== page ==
Does a company’s stance on issues change how you shop?
Following a mass shooting at a Florida high school which left 17 people dead, policymakers and politicians have been caught in a battle over the next steps for gun control. In the meantime, Dick’s Sporting Goods has announced it will stop selling assault-style rifles and high capacity magazines, and that it will no longer sell guns to people under age 21. Delta Airlines said it’s ending discounted flights for National Rifle Association members. Kroger, the nation’s largest grocery chain, said it will raise the minimum age for buying guns and ammunition to 21 at the Fred Meyer stores they operate. The retail giant Walmart announced it would remove “items from our website resembling assault-style rifles, including nonlethal airsoft guns and toys.”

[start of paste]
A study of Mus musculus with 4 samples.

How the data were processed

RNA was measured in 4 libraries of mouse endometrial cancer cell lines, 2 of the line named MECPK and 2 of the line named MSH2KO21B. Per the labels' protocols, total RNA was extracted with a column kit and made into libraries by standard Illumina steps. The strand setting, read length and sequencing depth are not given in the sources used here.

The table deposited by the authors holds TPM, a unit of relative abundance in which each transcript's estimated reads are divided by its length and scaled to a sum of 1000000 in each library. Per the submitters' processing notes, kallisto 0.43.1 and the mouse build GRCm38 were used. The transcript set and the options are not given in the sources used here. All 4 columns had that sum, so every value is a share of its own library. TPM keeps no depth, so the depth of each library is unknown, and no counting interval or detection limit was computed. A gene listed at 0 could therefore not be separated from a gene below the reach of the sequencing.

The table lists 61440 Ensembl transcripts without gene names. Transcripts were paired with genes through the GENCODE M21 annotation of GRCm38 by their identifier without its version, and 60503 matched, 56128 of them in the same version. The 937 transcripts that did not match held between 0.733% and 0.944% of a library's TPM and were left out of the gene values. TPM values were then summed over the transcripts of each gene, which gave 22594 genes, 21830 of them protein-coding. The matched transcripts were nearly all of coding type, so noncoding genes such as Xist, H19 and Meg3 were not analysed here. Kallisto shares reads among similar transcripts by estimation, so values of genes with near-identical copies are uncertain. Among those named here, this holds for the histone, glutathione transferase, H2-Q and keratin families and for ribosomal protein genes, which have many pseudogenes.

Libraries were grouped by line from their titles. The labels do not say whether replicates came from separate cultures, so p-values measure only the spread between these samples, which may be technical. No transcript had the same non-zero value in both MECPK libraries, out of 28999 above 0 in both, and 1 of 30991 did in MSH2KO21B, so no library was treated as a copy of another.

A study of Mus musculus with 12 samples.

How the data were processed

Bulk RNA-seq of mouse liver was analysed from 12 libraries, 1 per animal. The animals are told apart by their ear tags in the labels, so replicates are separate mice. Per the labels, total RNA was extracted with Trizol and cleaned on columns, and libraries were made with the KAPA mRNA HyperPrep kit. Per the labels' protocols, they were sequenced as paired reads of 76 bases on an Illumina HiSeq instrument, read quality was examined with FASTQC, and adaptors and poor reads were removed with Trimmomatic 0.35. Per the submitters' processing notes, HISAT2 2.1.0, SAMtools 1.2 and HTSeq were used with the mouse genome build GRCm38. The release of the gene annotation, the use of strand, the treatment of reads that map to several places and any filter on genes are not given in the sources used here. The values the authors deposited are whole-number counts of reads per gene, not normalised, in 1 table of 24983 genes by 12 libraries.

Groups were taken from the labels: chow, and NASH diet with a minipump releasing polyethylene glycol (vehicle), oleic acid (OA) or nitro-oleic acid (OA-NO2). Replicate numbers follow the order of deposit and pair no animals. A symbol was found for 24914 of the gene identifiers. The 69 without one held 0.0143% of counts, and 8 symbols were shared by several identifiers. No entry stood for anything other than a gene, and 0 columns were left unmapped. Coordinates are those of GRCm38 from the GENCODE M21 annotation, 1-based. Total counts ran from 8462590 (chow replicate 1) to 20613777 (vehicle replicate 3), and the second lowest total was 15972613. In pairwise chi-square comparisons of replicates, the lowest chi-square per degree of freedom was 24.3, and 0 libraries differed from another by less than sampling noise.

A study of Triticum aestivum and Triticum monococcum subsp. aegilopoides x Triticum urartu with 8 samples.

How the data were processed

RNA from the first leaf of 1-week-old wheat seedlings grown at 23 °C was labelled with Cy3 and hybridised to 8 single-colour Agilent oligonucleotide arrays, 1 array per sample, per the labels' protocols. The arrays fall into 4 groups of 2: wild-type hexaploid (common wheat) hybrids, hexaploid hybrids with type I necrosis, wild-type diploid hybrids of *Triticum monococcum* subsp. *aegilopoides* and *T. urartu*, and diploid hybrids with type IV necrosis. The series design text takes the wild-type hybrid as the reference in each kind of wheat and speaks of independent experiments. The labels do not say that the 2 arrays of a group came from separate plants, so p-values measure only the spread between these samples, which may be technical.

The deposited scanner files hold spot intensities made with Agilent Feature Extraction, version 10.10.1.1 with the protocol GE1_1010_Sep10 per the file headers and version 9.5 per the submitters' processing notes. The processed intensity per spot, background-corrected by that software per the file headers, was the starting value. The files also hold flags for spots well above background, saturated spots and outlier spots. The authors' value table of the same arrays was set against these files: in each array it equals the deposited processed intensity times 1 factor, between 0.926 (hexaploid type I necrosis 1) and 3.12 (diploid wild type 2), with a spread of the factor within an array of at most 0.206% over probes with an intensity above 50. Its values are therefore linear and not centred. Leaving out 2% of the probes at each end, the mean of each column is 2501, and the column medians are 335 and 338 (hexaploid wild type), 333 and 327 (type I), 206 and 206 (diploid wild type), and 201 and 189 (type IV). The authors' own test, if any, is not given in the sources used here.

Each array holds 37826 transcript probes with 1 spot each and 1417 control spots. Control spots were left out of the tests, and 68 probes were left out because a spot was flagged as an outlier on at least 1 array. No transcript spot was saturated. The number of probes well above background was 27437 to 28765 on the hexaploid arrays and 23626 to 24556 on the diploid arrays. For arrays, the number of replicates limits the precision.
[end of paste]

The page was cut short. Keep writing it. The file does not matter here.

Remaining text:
Companies have also quickly taken stances on other social and political issues. Anti-gay remarks from Barilla pasta’s chairman were met with widespread criticism. The Georgia-based Chick-fil-A chain faced a nationwide boycott after its founder spoke out against gay marriage. Nike and Starbucks came out strongly against President Donald Trump’s immigration bans.
Does a company’s stance on issues matter to you? We want to know.
Do companies need to make their stances on major issues public or is that taking politics too far? Do you care? Do you have a story about reacting to a company’s political or social stance? We want to hear your questions and stories. Drop us an email to firstname.lastname@example.org or fill out the form below.